Chandomritalata, Chandomṛtalatā, Chandas-amritalata: 2 definitions



Chandomritalata means something in Hinduism, Sanskrit. If you want to know the exact meaning, history, etymology or English translation of this term then check out the descriptions on this page. Add your comment or reference to a book if you want to contribute to this summary article.

The Sanskrit term Chandomṛtalatā can be transliterated into English as Chandomrtalata or Chandomritalata, using the IAST transliteration scheme (?).

Alternative spellings of this word include Chhandomritalata.

In Hinduism

Chandas (prosody, study of Sanskrit metres)

[«previous next»] — Chandomritalata in Chandas glossary
Source: Shodhganga: a concise history of Sanskrit Chanda literature

Chandomṛtalatā (छन्दोमृतलता) is the name of a work dealing with prosody ascribed to Amṛtānanda (19th century): son of Jayalakṣmī and Rāmānanda who was a resident of Nepal and appointed as a Pundit. One manuscript of the Chandomṛtalatā is recorded in “New Catalogus Catalogorum”. The manuscript is preserved in Cambridge University, as recorded by Rajendralal Mitra in his work. However the extract of this text is not available.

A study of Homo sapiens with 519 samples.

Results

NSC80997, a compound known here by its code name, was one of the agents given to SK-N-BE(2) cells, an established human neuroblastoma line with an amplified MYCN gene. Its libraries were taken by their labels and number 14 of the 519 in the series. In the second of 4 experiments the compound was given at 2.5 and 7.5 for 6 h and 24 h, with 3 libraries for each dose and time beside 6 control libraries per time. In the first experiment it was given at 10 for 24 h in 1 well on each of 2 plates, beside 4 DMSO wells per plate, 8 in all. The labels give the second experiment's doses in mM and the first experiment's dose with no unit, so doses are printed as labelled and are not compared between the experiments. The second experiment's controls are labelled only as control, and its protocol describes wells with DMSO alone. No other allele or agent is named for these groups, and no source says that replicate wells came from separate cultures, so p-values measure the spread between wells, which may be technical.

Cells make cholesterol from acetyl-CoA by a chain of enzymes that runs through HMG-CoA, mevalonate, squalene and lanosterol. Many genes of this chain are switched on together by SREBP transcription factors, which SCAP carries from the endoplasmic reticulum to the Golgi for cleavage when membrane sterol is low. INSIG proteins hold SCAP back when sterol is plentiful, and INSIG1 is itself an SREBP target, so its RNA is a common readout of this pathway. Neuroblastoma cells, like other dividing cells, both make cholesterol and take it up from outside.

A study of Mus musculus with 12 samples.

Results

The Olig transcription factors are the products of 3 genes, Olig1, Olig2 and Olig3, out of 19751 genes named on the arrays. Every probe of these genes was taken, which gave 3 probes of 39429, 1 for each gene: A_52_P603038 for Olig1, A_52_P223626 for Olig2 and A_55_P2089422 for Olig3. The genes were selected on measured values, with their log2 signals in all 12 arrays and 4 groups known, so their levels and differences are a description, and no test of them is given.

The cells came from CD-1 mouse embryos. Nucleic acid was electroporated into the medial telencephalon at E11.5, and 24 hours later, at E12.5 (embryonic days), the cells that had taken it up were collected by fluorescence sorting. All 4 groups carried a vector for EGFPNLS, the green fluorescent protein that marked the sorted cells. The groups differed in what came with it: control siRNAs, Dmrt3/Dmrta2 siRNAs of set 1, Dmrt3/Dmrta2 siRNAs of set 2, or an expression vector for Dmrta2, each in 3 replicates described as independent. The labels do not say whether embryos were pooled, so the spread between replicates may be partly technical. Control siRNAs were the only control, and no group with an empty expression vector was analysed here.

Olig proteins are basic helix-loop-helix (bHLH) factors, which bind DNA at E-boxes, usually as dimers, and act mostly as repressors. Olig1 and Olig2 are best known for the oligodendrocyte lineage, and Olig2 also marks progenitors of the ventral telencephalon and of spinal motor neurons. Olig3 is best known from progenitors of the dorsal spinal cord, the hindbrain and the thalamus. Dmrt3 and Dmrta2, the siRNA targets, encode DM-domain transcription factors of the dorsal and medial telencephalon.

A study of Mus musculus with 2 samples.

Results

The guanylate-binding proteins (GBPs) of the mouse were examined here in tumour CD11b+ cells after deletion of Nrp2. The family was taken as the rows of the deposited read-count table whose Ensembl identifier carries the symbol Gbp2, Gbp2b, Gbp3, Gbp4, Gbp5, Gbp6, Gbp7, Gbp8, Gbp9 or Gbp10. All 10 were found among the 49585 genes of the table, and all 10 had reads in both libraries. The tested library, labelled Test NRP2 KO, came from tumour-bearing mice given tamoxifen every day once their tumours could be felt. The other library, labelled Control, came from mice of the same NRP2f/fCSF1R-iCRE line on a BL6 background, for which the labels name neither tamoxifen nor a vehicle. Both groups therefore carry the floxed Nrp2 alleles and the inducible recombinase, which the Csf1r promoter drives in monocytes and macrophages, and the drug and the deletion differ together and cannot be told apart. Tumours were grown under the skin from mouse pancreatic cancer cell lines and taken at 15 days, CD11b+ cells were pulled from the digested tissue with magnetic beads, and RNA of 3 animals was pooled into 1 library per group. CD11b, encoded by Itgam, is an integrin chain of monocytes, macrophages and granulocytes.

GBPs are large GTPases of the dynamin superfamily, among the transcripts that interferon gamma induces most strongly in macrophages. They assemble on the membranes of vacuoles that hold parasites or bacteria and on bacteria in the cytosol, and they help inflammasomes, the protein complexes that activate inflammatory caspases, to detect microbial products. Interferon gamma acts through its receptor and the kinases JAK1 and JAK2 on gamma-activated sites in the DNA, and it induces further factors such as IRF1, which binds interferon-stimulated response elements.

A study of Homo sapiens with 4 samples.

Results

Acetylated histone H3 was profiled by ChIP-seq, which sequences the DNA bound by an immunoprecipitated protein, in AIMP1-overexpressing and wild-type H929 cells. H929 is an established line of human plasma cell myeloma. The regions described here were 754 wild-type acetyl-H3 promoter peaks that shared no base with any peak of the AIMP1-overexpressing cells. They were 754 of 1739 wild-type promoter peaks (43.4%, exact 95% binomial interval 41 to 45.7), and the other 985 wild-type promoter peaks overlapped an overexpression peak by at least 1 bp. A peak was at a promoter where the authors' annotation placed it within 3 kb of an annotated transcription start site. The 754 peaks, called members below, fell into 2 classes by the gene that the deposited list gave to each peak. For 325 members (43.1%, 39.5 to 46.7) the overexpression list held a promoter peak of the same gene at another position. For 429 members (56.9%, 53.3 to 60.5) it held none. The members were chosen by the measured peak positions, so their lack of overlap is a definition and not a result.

Chandas book cover
context information

Chandas (छन्दस्) refers to Sanskrit prosody and represents one of the six Vedangas (auxiliary disciplines belonging to the study of the Vedas). The science of prosody (chandas-shastra) focusses on the study of the poetic meters such as the commonly known twenty-six metres mentioned by Pingalas.


Sanskrit dictionary

[«previous next»] — Chandomritalata in Sanskrit glossary
Source: Cologne Digital Sanskrit Dictionaries: Aufrecht Catalogus Catalogorum

Chandomṛtalatā (छन्दोमृतलता) as mentioned in Aufrecht’s Catalogus Catalogorum:—buddhistic, by Amṛta Paṇḍita. Paris. (D 97). Bendall Catalogue 76.

context information

Sanskrit, also spelled संस्कृतम् (saṃskṛtam), is an ancient language of India commonly seen as the grandmother of the Indo-European language family (even English!). Closely allied with Prakrit and Pali, Sanskrit is more exhaustive in both grammar and terms and has the most extensive collection of literature in the world, greatly surpassing its sister-languages Greek and Latin.